Continuous integration and delivery helps DevOps teams ship higher quality software, faster. But is all CI/CD created equal? What does successful CI/CD implementation look like and how do you know you’re on the right track?
In this four-part series, we talk about modernizing your CI/CD: Challenges, impact, outcomes, and solutions. Today, we’ll focus on DevOps challenges and situations where a comprehensive CI/CD approach could be the answer you’ve been looking for.
If these problems hit a little too close to home, stay tuned for part two where we dive deeper into how these roadblocks impact the rest of the SDLC.
What challenges do I face?
1. Maintenance and integration costs, predominantly human resources costs.
A large percentage of the overall IT budget goes to support teams of engineers needed to integrate and maintain a complex toolchain. An enterprise company with 1,000 developers could need up to 40 engineers just to maintain the DevOps toolchain instead of allocating these resources towards delivering business value.
2. Development is slowed/blocked by the operations team.
The quintessential challenge of the pre-DevOps world is that dev teams are incentivized to increase innovation velocity by shipping new features. Operations teams are incentivized for stability, uptime, and error reduction. The higher the development velocity, the greater the chance for downtime and errors – so these teams are naturally at odds with each other. Dev leaders don’t always have enough enticing evidence or incentive to go to the Ops team to advocate for increased deployment velocity, and vice versa.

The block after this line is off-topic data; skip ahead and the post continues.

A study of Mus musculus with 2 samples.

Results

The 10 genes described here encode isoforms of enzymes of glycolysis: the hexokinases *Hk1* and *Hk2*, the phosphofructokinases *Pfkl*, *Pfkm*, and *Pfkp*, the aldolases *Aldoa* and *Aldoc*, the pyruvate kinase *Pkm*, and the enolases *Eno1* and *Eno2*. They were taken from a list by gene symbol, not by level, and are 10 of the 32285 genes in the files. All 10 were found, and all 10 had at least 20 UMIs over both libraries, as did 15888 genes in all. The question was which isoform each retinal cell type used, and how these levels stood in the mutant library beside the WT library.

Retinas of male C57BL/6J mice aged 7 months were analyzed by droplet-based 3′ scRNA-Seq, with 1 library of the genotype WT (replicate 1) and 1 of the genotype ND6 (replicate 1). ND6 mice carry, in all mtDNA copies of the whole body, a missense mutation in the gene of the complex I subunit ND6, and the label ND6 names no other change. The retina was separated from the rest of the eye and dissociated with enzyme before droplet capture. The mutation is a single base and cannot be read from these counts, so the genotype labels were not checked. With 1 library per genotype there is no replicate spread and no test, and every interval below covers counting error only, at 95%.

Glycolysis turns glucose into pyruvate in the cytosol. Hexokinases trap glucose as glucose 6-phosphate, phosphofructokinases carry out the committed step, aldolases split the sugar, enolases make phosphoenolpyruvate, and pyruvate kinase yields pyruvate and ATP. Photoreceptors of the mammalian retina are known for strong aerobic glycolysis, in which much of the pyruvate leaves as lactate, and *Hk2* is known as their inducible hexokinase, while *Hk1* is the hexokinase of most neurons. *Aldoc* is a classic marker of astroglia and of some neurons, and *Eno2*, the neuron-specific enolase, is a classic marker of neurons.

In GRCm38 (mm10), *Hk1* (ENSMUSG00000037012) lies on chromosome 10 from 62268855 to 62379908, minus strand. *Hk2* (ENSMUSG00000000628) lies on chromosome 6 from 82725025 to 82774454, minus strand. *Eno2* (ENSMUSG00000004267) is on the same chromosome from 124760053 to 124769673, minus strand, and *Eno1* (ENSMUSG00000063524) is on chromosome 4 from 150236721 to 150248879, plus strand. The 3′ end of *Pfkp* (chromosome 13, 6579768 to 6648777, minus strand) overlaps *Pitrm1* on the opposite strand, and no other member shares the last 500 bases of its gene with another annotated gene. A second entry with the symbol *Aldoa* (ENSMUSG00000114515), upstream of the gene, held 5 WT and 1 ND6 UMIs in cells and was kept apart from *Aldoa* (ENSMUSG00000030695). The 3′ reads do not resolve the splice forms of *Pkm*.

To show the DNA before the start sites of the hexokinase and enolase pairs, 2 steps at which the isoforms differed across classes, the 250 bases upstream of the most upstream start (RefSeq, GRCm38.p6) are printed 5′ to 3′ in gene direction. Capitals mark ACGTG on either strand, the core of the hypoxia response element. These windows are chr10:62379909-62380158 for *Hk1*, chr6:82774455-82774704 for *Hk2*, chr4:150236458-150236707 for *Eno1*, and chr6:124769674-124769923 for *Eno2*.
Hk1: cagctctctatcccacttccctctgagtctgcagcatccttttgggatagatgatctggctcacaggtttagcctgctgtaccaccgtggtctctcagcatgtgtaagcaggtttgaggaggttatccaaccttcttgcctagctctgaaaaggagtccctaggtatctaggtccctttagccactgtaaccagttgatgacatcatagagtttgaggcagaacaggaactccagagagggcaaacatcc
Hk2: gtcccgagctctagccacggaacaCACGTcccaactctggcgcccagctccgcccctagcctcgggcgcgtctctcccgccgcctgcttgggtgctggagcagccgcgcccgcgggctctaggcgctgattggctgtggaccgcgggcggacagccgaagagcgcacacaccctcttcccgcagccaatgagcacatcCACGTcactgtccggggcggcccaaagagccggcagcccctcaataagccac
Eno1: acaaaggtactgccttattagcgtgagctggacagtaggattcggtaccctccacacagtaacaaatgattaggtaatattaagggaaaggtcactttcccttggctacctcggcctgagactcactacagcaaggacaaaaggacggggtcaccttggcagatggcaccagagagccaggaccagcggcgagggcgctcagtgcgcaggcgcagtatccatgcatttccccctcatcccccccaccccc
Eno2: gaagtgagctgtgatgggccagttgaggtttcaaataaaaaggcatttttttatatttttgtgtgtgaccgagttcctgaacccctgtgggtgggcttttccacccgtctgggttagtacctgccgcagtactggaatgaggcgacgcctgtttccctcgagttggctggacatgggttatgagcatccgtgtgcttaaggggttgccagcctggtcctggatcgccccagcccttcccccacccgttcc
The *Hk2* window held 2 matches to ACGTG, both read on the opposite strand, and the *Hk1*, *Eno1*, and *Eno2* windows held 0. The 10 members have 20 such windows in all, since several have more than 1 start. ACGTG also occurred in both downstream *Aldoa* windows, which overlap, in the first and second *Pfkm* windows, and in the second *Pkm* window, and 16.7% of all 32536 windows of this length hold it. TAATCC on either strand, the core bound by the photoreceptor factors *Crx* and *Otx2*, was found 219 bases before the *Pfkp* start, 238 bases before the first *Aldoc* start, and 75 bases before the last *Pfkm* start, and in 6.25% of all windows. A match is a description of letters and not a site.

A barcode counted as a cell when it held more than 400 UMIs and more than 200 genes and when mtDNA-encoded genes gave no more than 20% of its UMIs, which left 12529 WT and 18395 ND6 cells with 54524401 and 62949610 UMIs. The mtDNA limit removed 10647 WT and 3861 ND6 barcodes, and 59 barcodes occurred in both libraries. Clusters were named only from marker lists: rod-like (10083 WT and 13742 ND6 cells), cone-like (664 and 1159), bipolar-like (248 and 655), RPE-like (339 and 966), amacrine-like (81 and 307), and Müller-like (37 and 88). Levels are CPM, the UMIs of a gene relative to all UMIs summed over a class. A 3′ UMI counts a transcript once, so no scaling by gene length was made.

3. Developers doing ops.
Today, teams and individual developers base the code they produce on the capabilities of their environment rather than the needs of the business.
What do these look like in practice?
A big portion of resources and budget goes to undifferentiated integration and maintenance.
Teams are siloed by their tools – each team has their favorite and is optimized to work within these specialized tools only. It is difficult to collaborate and troubleshoot across the stack due to a lack of visibility.
Code sometimes never gets to production at all.
There is a delay between code being written and driving value. When problems or errors arise and need to be sent back to the developer, it becomes difficult to troubleshoot because the code isn’t fresh in their mind (context switching). They have to stop working on their current project and go back to the previous code to troubleshoot. So much time might have passed that the code is no longer deployable in its current state. In addition to wasting time and money, this is demoralizing for the developer who doesn’t get to see the fruit of their labor.
Developers worry about environments, not business logic.
Environment dependencies and configuration distracts developers from tasks they’re better equipped to handle. They may even be spending time trying to decide what size VM they need to deploy to. In this order “DevOps” means “Developers have to do both dev and ops.” Only a small percentage of developers actually enjoy this arrangement with most asking, “I’m a developer, please stop asking me to do operations.”